When the Boeing Co.’s 737 MAX does return to service, one of its largest customers will continue forward with the MAX name.
Officials from Southwest Airlines this week told FlightGlobal at the Boyd International Forecast Summit that Southwest would not change the name of the aircraft.
A company spokesperson confirmed that decision to the WBJ Wednesday morning.
“We do not have any plans to rebrand the 737 MAX when it returns to service,” Southwest’s Chris Mainz said via email. “Our philosophy is to be completely open and transparent with our customers, just as they’ve come to expect from Southwest.”
Boeing’s 737 MAX has been grounded since March following two deadly crashes of the jet.
The manufacturer is now hopeful its coming package of software upgrades and training enhancements will allow regulators, including the Federal Aviation Administration, to return the jet to service in the fourth quarter.
Southwest, which has an all-Boeing 737 fleet, currently has 34 of the new MAX variants and nearly 250 more on order.
Questions about the possibility of a rebrand either by Boeing or by individual customers have swirled around the industry in the wake of the grounding.
That’s included a tweet suggesting a rebrand from President Donald Trump in April and images captured in July of a Ryanair 737 MAX coming off Boeing’s production line that no longer included the MAX name.
Boeing has said that it also doesn’t plan to rename the aircraft.
Each MAX jet comes with heavy ties to Wichita, where Spirit AeroSystems Inc. builds around 70 percent of the structure on the jet.
While Boeing trimmed its output on the 737 line from 52 per month to 42 following the grounding — it is holding completed jets in storage for delivery after the return to service of the MAX — Spirit has continued to build at the rate of 52 as part of a staggered production agreement between the two companies.
The Wichita supplier is holding excess components in inventory until delivery is requested by Boeing. The company is still being paid for those components, including the aircraft's full fuselage, which it builds at its southwest Wichita plant.
FedEx is planning an expansion that could increase its overnight capacity in a place known for its midnight sun.
The State of Alaska, the Department of Transportation and Public Facilities, and Ted Stevens Anchorage International Airport proposed a land lease with FedEx Corp., according to a State public notice.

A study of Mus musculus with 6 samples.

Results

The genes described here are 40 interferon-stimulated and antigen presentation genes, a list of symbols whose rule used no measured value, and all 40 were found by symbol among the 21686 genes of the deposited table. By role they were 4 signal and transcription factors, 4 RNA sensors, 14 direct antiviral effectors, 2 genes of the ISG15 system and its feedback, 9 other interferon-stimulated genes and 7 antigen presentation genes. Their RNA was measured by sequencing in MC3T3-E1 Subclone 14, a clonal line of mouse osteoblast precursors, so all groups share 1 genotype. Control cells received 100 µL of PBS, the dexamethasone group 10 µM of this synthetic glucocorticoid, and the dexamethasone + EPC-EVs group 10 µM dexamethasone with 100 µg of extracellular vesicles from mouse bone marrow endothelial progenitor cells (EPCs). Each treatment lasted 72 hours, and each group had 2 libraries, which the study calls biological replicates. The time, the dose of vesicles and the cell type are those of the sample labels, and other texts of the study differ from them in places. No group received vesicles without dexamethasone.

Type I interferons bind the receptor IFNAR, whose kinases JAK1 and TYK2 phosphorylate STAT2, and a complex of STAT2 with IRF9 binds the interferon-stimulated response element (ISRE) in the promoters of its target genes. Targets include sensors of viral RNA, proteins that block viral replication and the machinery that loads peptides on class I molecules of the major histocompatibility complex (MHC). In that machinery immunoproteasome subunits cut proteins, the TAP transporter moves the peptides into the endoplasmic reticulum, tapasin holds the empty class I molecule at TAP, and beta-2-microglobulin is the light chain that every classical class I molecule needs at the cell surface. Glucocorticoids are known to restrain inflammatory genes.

The lease is for 1.1 million square feet at the airport with a rental rate of $0.18 per square foot. The 30-year lease would have two, 10-year options to extend. The proposed value of the investment was listed at $57 million.
Under the proposed authorized uses the notice states: “Develop, construct, operate and maintain an approximate 98,000 sq. ft. Domestic Operations Center, infrastructure and improvements to support applicant’s warehouse operations to include administrative offices and aircraft and vehicle parking.”
According to FedEx’s most recent 10-K filed with the U.S. Securities and Exchange Commission, FedEx Express currently leases 64 acres at the Anchorage airport from the State of Alaska Department of Transportation and Public Facilities. It occupies 332,000 square feet of space and has the capacity to sort 25,000 documents/packages per hour. That lease runs through 2023.
FedEx’s uses Anchorage to handle international express packages and freight shipments to and from Asia, Europe, and North America.
When asked about the expansion, Sederia Gray with FedEx’s Global Media Relations team provided the following statement:
“As a matter of corporate policy, we do not publicly disclose information about planned projects until agreements are finalized.”
FedEx recently announced an additional $450 million investment at the Memphis World Hub at Memphis International Airport, bringing that modernization total to $1.5 billion. Those updates are projected to be finished in 2025.